Rules for banks' China liaisons to be introduced


The Ministry of Finance will soon unveil a package of regulations governing the opening of liaison offices by local banks in China, a senior mainland affairs official said yesterday.

Chen Ming-tung (陳明通), vice chairman of the Cabinet-level Mainland Affairs Council (MAC, 陸委會), which charts Taiwan's policy toward China, made the remarks at a public hearing on financial integration between the two sides of the Taiwan Strait, organized by opposition Legislator Chou Hsi-wei (周錫瑋).

Chen said that although the time is not yet ripe for the Republic of China government to allow its banks to open branches in China, the government is ready to permit local banks to set up liaison offices there for market information-gathering purposes.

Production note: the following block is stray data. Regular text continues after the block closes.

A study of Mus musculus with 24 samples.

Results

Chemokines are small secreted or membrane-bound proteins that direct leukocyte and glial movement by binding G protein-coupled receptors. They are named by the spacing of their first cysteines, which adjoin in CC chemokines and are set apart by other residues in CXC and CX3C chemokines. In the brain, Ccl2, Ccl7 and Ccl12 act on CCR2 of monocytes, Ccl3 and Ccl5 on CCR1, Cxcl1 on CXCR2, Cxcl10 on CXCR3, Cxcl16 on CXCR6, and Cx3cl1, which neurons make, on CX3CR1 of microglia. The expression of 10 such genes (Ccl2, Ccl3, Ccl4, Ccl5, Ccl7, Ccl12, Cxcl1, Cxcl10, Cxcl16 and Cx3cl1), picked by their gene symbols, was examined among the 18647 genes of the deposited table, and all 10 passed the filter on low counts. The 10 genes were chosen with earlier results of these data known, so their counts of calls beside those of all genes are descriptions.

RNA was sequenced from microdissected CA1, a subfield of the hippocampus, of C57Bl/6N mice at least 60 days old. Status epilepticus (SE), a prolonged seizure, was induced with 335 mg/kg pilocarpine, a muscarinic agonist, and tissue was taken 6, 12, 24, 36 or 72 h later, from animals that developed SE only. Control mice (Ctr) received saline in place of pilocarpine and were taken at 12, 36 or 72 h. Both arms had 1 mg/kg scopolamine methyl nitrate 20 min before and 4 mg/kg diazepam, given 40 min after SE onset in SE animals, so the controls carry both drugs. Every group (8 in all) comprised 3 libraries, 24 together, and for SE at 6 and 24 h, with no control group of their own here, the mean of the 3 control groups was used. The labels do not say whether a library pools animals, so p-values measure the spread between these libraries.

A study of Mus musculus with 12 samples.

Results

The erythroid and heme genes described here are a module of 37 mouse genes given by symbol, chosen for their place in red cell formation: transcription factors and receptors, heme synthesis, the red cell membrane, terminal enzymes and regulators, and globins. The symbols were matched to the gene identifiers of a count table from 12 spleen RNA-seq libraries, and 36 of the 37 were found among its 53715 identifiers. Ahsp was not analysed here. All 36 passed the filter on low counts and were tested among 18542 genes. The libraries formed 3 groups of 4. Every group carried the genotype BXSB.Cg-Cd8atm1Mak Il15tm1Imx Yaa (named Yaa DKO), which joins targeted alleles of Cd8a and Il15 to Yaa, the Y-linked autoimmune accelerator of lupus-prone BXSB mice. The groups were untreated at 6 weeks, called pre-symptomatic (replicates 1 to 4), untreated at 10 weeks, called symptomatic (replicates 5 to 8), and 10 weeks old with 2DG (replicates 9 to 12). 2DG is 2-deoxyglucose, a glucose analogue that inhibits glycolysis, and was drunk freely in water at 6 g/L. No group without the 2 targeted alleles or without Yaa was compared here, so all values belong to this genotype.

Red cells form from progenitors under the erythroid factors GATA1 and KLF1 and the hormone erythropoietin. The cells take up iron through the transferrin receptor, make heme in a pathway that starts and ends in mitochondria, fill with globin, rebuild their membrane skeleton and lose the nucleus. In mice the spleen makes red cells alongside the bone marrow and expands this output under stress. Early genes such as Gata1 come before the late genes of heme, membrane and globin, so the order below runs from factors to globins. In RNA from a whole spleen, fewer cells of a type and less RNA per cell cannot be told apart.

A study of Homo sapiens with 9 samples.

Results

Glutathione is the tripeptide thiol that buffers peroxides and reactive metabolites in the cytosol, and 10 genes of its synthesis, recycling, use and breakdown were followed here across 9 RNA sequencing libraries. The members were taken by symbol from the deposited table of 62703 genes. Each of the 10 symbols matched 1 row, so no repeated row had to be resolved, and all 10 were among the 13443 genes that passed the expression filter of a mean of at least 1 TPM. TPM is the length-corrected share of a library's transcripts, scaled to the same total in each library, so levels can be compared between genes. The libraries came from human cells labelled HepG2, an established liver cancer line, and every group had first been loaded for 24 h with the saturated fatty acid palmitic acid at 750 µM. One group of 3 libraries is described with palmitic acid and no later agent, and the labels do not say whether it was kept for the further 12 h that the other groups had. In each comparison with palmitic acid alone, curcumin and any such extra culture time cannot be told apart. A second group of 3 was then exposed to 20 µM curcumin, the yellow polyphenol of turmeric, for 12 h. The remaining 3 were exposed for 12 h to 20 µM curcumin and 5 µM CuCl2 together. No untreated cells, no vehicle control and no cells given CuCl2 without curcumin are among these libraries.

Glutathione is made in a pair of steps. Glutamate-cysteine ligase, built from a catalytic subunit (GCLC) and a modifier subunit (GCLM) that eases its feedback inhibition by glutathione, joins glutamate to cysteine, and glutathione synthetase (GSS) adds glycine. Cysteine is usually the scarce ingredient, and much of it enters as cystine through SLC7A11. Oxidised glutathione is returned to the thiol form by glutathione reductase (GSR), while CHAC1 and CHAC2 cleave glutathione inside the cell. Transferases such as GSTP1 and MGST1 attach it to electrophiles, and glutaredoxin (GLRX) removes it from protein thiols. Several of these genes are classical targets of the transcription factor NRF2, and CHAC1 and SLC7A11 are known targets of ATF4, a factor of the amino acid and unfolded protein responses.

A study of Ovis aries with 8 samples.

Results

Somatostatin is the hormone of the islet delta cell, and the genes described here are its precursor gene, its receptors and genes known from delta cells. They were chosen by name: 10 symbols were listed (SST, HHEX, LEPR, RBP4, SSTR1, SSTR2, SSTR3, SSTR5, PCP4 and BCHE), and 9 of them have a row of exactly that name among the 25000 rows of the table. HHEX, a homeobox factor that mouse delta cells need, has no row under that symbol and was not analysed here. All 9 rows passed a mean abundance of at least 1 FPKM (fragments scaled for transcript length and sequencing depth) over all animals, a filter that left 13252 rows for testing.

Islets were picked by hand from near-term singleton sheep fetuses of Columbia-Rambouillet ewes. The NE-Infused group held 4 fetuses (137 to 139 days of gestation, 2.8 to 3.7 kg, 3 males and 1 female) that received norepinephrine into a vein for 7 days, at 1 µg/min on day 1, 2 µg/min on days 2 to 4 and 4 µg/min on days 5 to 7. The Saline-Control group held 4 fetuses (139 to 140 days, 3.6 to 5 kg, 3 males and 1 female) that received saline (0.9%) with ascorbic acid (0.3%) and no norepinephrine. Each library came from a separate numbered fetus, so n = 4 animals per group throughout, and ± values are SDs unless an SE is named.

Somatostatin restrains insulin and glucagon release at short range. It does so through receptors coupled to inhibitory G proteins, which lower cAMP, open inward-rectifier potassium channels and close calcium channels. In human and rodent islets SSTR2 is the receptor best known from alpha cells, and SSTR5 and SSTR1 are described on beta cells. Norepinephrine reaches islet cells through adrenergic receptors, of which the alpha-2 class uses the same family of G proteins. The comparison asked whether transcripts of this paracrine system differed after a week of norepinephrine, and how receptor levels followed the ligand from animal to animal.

According to Chen, the government already formed a special inter-ministerial task force last August to evaluate the feasibility of allowing local banks to open liaison offices in China.

Chen pointed out that local banks' China liaison offices will be barred from operating any financial or banking services.

As for the proposal to allow local banks to branch out to China, Chen said it's still premature to discuss the issue.

Noting that bank branch operations involve the supervisory rights issue, Chen said the two sides of the Taiwan Strait must negotiate before the ROC government can consider the feasibility of lifting the ban on banks branching out to China.

Speaking at the same occasion, Wang Yao-shing (王耀興), director-general of the Bureau of Monetary Affairs (金融局), said China's recognition of Taiwan's rights to inspect and supervise operations of Taiwan banks' China operations is a prerequisite for the MOF to mull whether to allow local banks to branch out across the Taiwan Strait.

Meanwhile, Central Bank of China (中央銀行) Governor Perng Fai-nan (彭淮南) expressed concern over the flow of money to China yesterday. "The central bank has started asking banks to submit quarterly reports on Taiwan investments in China and Taiwan fund flows into China."